Tricia Gardner featured at BAA Gallery
“To paint it, you must experience it,” says St. Helena Island artist, Tricia Gardner. “The light, the smells, the feel of the landscape cannot be replicated in the studio unless you have been there and become one with the scene.” Gardner is the featured artist for the next exhibit at the Beaufort Art Association Gallery, scheduled for April 6 – May 15. The public is invited to view the work and discuss her art and travels during the opening reception on Friday, April 9 from 5:30-7:30. The Laizee Rivers Band will provide music.
Expect to see oil paintings of shrimp boats and scenes of the Lowcountry tidal marshes. Gardner’s style is uniquely her own: moody skies are backdrops for angular fish shacks and mysterious trees with energetic colors and lines. The lines and rigging of sailboats as well as those found on shrimping and fishing boats tantalize her and challenge her brush and palette knife. The resulting works are impressionistic, bordering on the abstract. Photorealism is the antithesis of her style.
Location, atmosphere and light are the big three for Tricia who prefers to do “plein air” painting whenever possible. That means she chooses to work in the open air or out of doors. “I get an energy and inspiration from nature, from local marshes of Port Royal Sound to coastal fishing villages off the beaten path,” say Gardner.
Tricia has been drawing for as long as she can remember. Her life, however, has not always been dominated by painting. She is a graduate of Pennsylvania State University, with graduate work at the State University of New York and George Washington University. Her major was business, not art. Her professional career spanned thirty years with the federal government in Washington, DC. Since retiring from government life, Tricia has traveled extensively to take plein air workshops. She has painted with artists in the deserts of the southwest, the California coast, Maine, the Caribbean Islands, Key West, Sicily, Spain, and Greece. She has studied art at the Torpedo Factory in Alexandria, Virginia, the Loudoun Academy of Art in Leesburg, Virginia and the Delaplaine Academy in Frederick, Maryland. She has painted on location with Ross Miller of the Smithsonian Museum of Art, Bob Gamblin of Gamblin Paints, and Walt Bartman of the Yellow Barn Studio. Locally, she has studied under Ted Jordan of the Hilton Head Art Academy and has participated in workshops through the Hilton Head Art League with Ron Ranson, Tom Lynch, Charles Gruppe and Susan Sarback.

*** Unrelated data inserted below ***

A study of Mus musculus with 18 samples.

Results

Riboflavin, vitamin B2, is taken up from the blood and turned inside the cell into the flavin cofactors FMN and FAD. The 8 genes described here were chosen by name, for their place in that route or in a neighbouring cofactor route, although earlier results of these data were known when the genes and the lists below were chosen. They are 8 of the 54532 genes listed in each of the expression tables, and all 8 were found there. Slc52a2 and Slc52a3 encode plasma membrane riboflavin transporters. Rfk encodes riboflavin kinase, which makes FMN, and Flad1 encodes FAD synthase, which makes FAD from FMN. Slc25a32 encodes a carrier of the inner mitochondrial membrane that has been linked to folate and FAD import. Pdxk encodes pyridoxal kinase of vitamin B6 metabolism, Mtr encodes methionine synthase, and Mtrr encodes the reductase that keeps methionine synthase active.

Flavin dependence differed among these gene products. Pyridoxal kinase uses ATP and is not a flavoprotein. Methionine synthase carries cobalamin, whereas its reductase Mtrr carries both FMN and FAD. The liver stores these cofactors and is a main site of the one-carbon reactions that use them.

Impatient and restless by nature, Gardner is always on the move. This is reflected in both her art style and the process she uses to paint. She never labors over a painting for days on end and never paints sitting down. She likes to be free to move about the location and feels that the first stroke with the brush or palette knife is the best and most true to the scene. She feels that laboring over a painting can ruin it by destroying its spontaneity and prefers to paint with reckless abandon. A former teacher once told her that great art is not made by timid people. Tricia is not timid. Her paintings show boldness that attracts immediate attention. She insists that adventure, aggression, energy, tenacity and perseverance serve her well as an artist. On occasion she asks the painting what it needs and waits for it to reply. According to Gardner, “If the moment is right, the painting will paint itself.”